A Toddler’s Fascination With Playing With Car Buttons
Looking for a little advice: My 17-month-old has recently become obsessed with sitting in the driver’s seat of the car and playing with the buttons and whatnot. He will play happily for ages. We will be sitting in the living room and he will take my hand and whine and go to the door and shout and scream if we don’t go out to the car. So, we go, and then I’ll just sit in the passenger seat for an hour whilst he plays. I am guessing the novelty will wear off soon but am I right in letting him do this?!
Parenting a Brilliant Baby
When I ran your question by my husband, Dr. Bill (now in his 50th year as a pediatrician), he promptly replied: “Wow! What a brilliant baby!” Let’s approach this in two ways:
- Why your baby is doing this?
- How you as a mom might smartly react?
Usually, a 17-month-old toddler has a short attention span, flitting from one plaything to another plaything. The fact that your toddler can focus for so long, and nearly every day, on the same task is a clue for you to celebrate that you are mothering a brilliant baby. He likes sitting “in the driver’s seat” because he notices when sitting in his relatively boring car seat in the back that the driver’s seat is where the action is, or, in his young mind, where the novelty and fun is.
Growing Baby’s Brain
After birth, a baby’s brain grows the fastest in the first two years. The interactions that trigger the most brain-tissue growth are cause-and-effect: “I push this button, this happens.” As he’s playing, watch carefully and notice that he is probably button-playing a bit differently each day as he tests novelty. New actions and reactions with toys are what keep toddlers engaged – and that is what grows more brain connections.
A “Playschool” Approach
Also, there are things you can do to make the driver’s seat a mini playschool. Interact with him as he plays with the buttons, like, “Can you find a circle?” or “Where is the green button?” for instance. Children often learn more when they’re engaged in a play activity while interacting with a parent or caregiver. Think of the effect of playing with your child as playschool squared.
Sooner or later your little guy is likely to get bored with playing in the car driver’s seat, yet in the meantime see if there are toys you can get him that sit on the floor in your house that resemble all the interactions from the driver’s seat in the car. Stacking blocks is now – and probably forever will be – the top toy for engaging toddlers. Stack blocks with him. When he knocks them over, you both clap your hands, and then you rebuild together. Get push-button toys where he pushes certain buttons and levers and the toy makes a noise, a movement, or a different color light goes on. Again, it’s make-things-happen toys that build baby brains, such as “I push this, this happens. I’m smart, and that’s fun!”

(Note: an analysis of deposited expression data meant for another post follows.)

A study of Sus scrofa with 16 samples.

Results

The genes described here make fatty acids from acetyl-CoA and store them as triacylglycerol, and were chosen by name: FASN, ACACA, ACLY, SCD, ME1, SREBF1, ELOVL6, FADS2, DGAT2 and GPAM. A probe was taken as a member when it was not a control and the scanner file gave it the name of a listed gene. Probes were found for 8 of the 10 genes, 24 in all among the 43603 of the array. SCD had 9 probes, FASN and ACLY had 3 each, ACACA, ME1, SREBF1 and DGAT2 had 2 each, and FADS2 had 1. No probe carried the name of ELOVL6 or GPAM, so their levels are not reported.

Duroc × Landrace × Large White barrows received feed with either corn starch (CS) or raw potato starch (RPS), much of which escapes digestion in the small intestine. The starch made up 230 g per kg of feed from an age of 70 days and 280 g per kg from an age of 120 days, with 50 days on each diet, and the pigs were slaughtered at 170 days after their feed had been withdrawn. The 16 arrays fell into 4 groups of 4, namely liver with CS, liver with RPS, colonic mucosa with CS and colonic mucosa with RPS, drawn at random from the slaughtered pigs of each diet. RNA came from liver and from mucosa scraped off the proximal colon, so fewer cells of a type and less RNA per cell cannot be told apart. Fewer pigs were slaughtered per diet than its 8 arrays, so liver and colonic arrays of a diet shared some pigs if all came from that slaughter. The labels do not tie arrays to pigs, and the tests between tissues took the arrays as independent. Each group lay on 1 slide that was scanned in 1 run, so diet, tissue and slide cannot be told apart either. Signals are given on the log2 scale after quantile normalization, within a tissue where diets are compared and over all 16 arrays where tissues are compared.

Setting Healthy Boundaries
Some days it may not be realistic to spend an hour of playtime in the car, so use this as a chance to introduce some healthy boundaries and listening skills. For instance, say to your little one, “We are going to play in the car until this timer goes off. When we hear the timer go off, we have to be all done and say bye-bye car”.
Now for “mommy brain.” If you ask three people on advice for this, you’re likely to get three different answers, with one being: “You’re spoiling him by always giving in.” Ignore those answers. Your toddler is not manipulating you and you are not spoiling him by giving in. You are building trust. He’s saying to you: “Mommy, that’s the playschool I want to go to – the driver’s seat.” You, the teacher, realize that’s where he feels the smartest and so your brain blends with his brain – mommy brain and baby brain work together.
Here’s a piece of advice I have given many times and one that particularly fits your situation. The next time your toddler grabs your hand and pulls you toward the car, think: “If I were my child, how would I want my mother to react in this situation?” You’ll always get it right. You’re the mom and your brain is wired to blend with your child’s brain.
Celebrate this brilliance! I am going to make a prediction. In a few years, a preschool or schoolteacher is going to say to you: “What a brilliant child you have! What did you do?” Replay those playschool memories.
Martha is the mother of Dr. Bill’s eight children, a registered nurse, a former childbirth educator, a La Leche League leader, and a lactation consultant. Martha is the co-author of 25 parenting books and is a popular lecturer and media guest drawing on her 18 years of breastfeeding experience with her eight children (including Stephen with Down Syndrome and Lauren, her adopted daughter). Martha speaks frequently at national parenting conferences and is noted for her advice on how to handle the most common problems facing today’s mothers with their changing lifestyles. Martha is able to connect with both full-time, stay-at-home mothers and working mothers because she herself has experienced both styles of parenting. Martha takes great pride in referring to herself as a “professional mother” and one of her favorite quips when someone voices their concern about her having eight children in an already populated world is: “The world needs my children.”